Business process management (BPM) can be defined as any "activity undertaken by businesses to identify, evaluate, and improve business processes," which are the sets of activities performed to meet the organization's goals and, ultimately, drive profitability. CIO describes BPM as "the practice of aligning goals and processes as businesses evolve." As Techopedia.com points out, continuous improvement of processes is a key focus area for BPM.
6 Key Benefits of Business Process Management
Companies of all sizes - from small businesses to large enterprises - can benefit from BPM in a number of ways. Sources like Villanova University, Quality Magazine, Business.com and others identify several reasons why BPM is necessary in modern organizations. A few key BPM benefits include:
Overall efficiency can be approved when business processes are integrated from beginning to end. For example, in a company that uses BPM, process owners typically receive automatic alerts as tasks are delegated to specific team members. This makes it easier for them to keep up with the status of work, monitor potential delays, and adjust work assignments as needed. They don't have to waste time wondering where things are in the process or who is handling what. As a result, as Quality Magazine points out, "BPM aids in eliminating bottlenecks and reducing lead time in terms of implementing and enhancing business processes."
BPM can also help to optimize processes, which takes efficiency to the maximum level. To the end of optimization, BMP can help identify and remove unnecessary steps or redundant tasks. It can also be used to identify areas of operations where automation is possible, which can help reduce the likelihood that errors will occur. When errors are reduced, this means there is less of a chance that work will have to be done multiple times.
Efficiency and optimization can help streamline things, but effectiveness is also important. Fortunately, improving effectiveness is a key aspect and benefit of BPM. Once processes become more efficient through the use of BPM, effectiveness is also impacted in a positive way. For example, BPM provides decision-makers with data they can use to make truly informed decisions. In organizations that don't utilize BPM, less data is available, which puts leaders in the situation of having to make critical decisions without sufficient factual information. In terms of effectiveness, BPM can also help ensure consistency, as well as minimize the occurrence and impact of exceptions.
In the highly competitive and increasingly rapid-changing business environment, agility is critical for success. An agile organization is one that is flexible and adaptable to change - which can come from any direction (internal or external) and requires immediate action. For example, a key team member (or group of team members) may leave unexpectedly, there may be significant changes to government regulations applicable to the business, or a new approach to doing business may be acquired to win new business. Having sound BPM in place helps ensure a company is able to adapt, and even thrive, in the face of such situations.
Since advanced software applications that provide easy access to critical data in real time are typically used as part of BPM, this approach improves the visibility of key business intelligence that can be used to monitor and adjust processes, as well as keep track of outcomes. BPM provides a constant flow of important key performance indicator (KPI) measures that can be used to make sound business decisions in a timely manner, doing away with timely production of reports and spreadsheets long after the information can impact outcomes. As a result, managers have better insights based on business analytics, and they are able to use accurate, real-time information to make adjustments as needed.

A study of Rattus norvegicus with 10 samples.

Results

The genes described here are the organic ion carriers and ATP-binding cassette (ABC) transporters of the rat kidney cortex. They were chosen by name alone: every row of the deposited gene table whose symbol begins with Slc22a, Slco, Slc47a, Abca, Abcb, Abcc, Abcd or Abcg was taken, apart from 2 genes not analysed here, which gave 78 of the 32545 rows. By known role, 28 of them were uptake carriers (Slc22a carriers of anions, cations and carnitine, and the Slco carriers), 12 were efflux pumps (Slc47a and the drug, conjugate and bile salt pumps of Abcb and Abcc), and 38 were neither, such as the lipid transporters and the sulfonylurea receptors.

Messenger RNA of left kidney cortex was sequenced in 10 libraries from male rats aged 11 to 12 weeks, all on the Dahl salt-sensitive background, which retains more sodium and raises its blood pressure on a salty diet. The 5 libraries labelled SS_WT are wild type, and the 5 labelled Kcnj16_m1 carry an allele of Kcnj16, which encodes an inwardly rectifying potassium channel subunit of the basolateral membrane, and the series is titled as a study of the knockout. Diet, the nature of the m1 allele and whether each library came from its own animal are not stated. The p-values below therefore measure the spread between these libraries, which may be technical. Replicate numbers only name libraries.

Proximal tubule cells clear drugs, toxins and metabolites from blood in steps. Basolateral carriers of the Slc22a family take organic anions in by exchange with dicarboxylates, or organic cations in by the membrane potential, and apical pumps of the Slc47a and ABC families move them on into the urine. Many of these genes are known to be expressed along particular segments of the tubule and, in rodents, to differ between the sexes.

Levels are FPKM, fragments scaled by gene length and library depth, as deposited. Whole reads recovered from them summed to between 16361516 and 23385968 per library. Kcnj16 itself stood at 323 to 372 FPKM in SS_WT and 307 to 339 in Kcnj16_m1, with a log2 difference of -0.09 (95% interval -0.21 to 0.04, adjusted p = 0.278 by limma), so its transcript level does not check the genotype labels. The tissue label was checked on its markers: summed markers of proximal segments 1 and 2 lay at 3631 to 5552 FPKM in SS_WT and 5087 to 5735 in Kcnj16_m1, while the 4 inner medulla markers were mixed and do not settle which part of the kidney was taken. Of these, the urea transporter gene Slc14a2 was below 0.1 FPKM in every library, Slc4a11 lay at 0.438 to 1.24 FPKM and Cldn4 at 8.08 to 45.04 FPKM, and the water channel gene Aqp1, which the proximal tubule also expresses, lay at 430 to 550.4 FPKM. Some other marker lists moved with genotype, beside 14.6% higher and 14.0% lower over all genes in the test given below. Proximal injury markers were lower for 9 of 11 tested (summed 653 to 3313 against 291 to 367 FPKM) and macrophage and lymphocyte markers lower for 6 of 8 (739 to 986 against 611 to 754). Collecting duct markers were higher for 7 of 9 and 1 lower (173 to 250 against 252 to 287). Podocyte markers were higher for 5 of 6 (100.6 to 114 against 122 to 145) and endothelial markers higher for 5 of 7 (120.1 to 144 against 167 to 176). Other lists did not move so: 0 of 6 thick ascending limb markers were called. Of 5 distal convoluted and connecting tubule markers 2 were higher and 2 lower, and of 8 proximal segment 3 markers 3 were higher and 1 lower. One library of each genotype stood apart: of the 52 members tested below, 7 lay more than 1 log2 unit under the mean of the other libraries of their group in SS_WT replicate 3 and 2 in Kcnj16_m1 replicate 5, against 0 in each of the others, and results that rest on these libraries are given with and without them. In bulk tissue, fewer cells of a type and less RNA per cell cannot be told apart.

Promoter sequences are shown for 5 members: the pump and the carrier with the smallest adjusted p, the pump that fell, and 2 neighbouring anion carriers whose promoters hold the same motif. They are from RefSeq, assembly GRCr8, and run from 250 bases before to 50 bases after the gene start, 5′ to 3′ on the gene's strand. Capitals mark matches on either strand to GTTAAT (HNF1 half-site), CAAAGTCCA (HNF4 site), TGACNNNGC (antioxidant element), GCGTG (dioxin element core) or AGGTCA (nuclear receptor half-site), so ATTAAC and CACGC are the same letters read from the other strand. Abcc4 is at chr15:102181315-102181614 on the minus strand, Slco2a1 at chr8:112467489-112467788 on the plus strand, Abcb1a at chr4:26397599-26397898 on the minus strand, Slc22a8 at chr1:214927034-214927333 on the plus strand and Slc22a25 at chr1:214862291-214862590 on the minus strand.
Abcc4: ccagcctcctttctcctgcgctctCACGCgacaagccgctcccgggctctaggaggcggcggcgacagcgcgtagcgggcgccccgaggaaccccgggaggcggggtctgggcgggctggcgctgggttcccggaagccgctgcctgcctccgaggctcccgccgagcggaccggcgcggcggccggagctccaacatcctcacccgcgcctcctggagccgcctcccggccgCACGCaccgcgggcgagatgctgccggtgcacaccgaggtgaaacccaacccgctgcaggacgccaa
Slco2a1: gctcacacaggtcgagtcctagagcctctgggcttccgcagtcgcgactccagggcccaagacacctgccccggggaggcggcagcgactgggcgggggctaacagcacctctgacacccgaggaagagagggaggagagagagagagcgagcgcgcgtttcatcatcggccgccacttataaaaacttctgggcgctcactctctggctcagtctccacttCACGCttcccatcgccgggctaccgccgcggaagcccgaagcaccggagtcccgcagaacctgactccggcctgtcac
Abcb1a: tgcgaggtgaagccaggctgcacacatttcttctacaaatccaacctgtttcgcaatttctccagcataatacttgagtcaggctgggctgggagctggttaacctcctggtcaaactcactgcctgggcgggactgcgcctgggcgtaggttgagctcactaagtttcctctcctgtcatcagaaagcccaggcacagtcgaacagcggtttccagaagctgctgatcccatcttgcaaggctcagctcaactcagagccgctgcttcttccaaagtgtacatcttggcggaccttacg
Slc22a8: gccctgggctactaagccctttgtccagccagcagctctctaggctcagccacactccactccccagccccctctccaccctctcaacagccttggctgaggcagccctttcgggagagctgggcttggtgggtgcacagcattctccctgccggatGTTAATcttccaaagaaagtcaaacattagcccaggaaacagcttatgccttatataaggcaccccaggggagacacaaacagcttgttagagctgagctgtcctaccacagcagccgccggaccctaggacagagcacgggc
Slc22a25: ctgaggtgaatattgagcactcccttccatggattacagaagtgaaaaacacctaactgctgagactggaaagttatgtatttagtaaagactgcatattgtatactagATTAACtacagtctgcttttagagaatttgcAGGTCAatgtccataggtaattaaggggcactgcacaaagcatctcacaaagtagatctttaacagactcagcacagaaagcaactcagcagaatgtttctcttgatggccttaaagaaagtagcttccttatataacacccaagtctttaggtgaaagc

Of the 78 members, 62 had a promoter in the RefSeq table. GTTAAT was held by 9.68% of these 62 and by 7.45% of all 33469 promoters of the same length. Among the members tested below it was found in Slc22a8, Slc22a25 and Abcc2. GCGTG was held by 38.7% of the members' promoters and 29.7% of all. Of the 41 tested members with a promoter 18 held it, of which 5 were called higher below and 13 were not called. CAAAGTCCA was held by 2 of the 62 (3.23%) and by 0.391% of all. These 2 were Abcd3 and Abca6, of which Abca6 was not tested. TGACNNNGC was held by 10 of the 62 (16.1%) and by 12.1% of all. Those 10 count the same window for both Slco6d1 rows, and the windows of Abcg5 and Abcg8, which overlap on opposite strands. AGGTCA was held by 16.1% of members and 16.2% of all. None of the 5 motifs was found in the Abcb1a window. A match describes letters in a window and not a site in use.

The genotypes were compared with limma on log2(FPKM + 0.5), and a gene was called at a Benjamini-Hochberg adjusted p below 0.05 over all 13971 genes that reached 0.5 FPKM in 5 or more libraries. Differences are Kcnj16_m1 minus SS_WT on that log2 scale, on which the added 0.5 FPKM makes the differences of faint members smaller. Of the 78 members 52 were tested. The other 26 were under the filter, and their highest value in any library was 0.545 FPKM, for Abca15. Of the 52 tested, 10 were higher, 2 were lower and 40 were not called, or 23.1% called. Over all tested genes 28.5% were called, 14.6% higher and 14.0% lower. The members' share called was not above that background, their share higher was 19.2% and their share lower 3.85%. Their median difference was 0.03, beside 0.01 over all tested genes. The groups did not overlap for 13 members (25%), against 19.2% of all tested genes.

6. Bottom Line Profitability
BPM can boost bottom line profitability by helping to increase revenue and reduce costs. The aspects of BPM that lead to increasing efficiency can help to reduce costs. For example:
- When redundancy in processes or the occurrence of errors is reduced through efficiency and optimization, then the cost of production can be expected to decrease.
- When the need to dedicate personnel to spending countless hours gathering data and analyzing reports is reduced, then expenses associated with labor costs can go down.
- Through optimization, companies will be able to identify and reduce or eliminate waste, thus leading to cost savings.
- With an increase in effectiveness, the company will produce higher quality products, which may well lead to high revenue through increased sales and improved repeat business and/or customer loyalty.
- Improvements in efficiency can also lead to the ability to bring innovations or other new products to market faster, also leading to increased revenue opportunities.
- With an increase in agility, the company will be better positioned to capitalize quickly on new business opportunities, leading to increased revenue.
As Quality Magazine points out, it may take a bit of time for these changes to start impacting the bottom line, but once they do, the impact can be significant.
BPM for Companies of All Sizes
As Business.com asserts, it's true that "every company needs business process management." The notion that BPM is only for large businesses is an incorrect one. It wouldn't make sense to say that efficiency and effectiveness, or any of the other benefits described here, aren't important for small businesses. So, it also doesn't make sense to say that small businesses don't need BPM - such a mindset could be one of the reasons why some small businesses fail. While a small business owner shouldn't invest in a software solution designed to automate processes in a massive operation, there are scalable solutions and ways to implement BPM in small businesses, as well as larger organizations.